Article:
Jewish World Review
Sept. 5, 2013/ 30 Elul, 5773
Blood, sweat and laughter
Happiness means different things to different people.
Take my brother. Blind all his life and crippled by cerebral palsy, Joe lives alone with plenty of time to think about things he doesn't have and to miss all the people he has loved and lost.
There are times, yes, when he does exactly that. Who doesn't?
But Saturday night, he was as happy as happy ever gets for one simple reason: Football.
Clemson University had just won its season opener against the University of Georgia. And Joe -- with nothing against the Bulldogs -- was over the moon, so to speak, an orange-blooded, paw-footed Clemson fan-atic.
Early on, he pulled for the South Carolina Gamecocks, but that ended when he married Tommie Jean. She, too, was blind and depended on him in all sorts of ways, but insisted that he root for the Tigers.
They had 10 good years together and seldom missed a Clemson game on the radio. He lost her to cancer eight years ago, but remains fiercely loyal to her memory and her team.
The game had just ended when I called him. No answer.
"You're probably clapping too loud to hear the phone," I said to his voice mail, "or had to go change your pants. Call me."
Five minutes later he rang.
"Hey, sister! You always call me when the Tigers win!"
"I don't call when they lose because you're too mad to talk."
He chuckled. "I appreciate it."
"Did you like that game?"
"I loved it!" he said. "I clapped so hard my hands are hurting!"
Everybody needs something to clap about once in a while.
I thought of that this morning when my husband pulled the skimmer basket from the pool and found a scorpion about the size of Danny DeVito.
We live in a desert. Deserts have scorpions. We know this. But we had never seen one until now. We won't soon forget it.
Luckily, for my husband, it was dead and didn't sting him. He was happy about that. There is nothing like deliverance to make you glad to be alive.
Later, when I called my sister, I didn't mention the scorpion. She worries enough as it is. She sounded as happy as Joe did, for a whole different reason: Food.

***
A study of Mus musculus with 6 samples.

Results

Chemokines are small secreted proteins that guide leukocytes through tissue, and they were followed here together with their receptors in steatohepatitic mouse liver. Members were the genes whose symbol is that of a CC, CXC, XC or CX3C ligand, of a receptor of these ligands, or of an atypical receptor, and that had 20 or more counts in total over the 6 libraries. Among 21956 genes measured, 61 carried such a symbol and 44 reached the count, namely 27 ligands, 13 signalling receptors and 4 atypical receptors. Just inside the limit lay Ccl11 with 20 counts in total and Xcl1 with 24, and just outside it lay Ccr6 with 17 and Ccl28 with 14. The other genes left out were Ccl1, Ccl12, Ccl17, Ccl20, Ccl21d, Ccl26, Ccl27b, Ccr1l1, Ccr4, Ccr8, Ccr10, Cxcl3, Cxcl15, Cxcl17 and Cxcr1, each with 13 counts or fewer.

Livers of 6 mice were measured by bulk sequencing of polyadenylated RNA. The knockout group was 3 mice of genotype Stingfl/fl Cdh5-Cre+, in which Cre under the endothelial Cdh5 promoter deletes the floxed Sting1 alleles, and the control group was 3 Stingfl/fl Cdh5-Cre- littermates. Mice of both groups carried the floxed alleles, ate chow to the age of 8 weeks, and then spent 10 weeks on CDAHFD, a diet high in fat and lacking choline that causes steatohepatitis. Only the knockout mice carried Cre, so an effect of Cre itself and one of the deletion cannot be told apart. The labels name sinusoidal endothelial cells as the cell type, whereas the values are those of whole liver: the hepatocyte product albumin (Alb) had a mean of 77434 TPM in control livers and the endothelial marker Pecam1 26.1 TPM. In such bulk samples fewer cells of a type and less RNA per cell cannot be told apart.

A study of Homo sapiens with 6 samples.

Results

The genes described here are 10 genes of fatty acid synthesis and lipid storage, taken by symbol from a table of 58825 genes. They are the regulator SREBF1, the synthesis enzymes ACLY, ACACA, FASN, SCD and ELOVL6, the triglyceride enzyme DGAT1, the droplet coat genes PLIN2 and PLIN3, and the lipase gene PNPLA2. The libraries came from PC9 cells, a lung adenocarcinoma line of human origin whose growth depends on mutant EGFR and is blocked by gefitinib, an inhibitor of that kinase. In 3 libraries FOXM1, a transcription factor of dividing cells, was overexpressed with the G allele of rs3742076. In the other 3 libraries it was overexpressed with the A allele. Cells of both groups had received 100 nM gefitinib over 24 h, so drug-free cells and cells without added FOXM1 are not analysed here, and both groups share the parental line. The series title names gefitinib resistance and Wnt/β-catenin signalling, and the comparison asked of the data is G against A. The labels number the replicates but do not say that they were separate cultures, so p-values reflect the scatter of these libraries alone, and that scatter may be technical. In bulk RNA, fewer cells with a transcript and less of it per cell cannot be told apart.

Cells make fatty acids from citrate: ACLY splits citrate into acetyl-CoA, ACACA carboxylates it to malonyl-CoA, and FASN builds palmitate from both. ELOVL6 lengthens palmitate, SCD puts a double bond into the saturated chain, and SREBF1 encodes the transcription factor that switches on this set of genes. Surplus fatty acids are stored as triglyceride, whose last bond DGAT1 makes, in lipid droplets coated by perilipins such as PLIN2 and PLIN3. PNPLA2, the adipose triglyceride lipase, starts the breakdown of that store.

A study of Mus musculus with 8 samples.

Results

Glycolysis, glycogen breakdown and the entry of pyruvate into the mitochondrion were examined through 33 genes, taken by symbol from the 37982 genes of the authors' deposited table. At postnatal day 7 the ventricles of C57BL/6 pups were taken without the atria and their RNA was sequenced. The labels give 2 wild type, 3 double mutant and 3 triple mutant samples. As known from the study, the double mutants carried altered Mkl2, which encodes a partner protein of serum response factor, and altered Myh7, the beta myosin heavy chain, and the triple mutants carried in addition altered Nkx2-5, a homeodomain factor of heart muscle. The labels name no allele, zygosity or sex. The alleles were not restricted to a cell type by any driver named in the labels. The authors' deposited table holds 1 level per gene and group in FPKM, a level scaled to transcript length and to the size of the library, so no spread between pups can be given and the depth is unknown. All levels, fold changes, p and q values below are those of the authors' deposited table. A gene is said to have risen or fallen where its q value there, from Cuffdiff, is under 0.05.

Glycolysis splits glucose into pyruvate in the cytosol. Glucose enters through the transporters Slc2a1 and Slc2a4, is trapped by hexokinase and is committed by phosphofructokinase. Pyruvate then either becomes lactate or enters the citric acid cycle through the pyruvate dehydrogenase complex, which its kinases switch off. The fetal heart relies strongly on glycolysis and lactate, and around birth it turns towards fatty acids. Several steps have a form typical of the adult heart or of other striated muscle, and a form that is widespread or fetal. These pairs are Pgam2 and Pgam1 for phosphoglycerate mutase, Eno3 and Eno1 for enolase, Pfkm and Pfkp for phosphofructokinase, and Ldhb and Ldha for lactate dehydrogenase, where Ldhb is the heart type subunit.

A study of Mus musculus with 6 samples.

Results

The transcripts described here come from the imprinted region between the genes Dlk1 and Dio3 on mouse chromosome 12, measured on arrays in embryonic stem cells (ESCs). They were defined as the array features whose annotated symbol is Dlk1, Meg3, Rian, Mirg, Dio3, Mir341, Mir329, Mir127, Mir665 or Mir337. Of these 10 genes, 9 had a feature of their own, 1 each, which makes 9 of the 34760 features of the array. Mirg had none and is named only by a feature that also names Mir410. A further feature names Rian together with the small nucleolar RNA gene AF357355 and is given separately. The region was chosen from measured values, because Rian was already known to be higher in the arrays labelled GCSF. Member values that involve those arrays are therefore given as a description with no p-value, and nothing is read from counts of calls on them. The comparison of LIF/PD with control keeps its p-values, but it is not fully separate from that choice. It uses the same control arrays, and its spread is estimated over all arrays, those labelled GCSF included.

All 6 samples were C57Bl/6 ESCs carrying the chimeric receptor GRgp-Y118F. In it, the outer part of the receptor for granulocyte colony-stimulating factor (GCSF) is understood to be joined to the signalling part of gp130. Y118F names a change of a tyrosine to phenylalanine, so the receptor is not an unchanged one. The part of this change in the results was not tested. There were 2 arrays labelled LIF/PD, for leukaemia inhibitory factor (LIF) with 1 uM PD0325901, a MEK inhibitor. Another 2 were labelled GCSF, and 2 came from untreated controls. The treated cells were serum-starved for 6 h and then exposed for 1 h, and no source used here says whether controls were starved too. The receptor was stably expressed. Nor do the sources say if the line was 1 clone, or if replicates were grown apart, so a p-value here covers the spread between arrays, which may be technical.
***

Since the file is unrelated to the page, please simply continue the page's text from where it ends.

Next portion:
Her neighbor, Martha, my longtime friend, had brought over a chicken casserole. Bobbie loves Martha almost as much as she loves eating. But it was the kindness as much as the food that made her feel like clapping.
Usually, stories of victory and deliverance and kindness are enough to keep me clapping all day. And they might have, if not for a few minor mishaps.
First, I tried to change a light bulb in the bathroom and managed to break it off at the base. It shattered in daggers that flew all the way out into the bedroom but miraculously cut only a tiny slit in my hand that bled like a slaughtered pig.
It took an hour to clean up the mess. While vacuuming the bedroom, I somehow snagged the bed skirt and sucked it half off the bed. I had to take the vacuum apart to pull it out. I don't know about you, but when I take things apart, they never go back together the same way.
I was not happy. So I went to the kitchen to get a Diet Coke -- and when I popped off the top, it exploded. In my face. In my hair. All over my world.
I stood there for a moment, covered in sweat and blood and Diet Coke and little slivers of glass. Then I started to laugh.
Life is a never-ending story. We take turns telling it, sharing it with one another in pieces, long and short, funny or sad.
You tell me your stories and I tell you mine, but they're all threads of one fabric, patches on one quilt that covers and warms us, tells us who we are, sustains us in times good and bad.
Through our stories, we share in each other's happiness, bear each other's burdens and laugh at our own bumbling mistakes.
In the beginning was the Word. It's still spoken every day. That's something to clap about.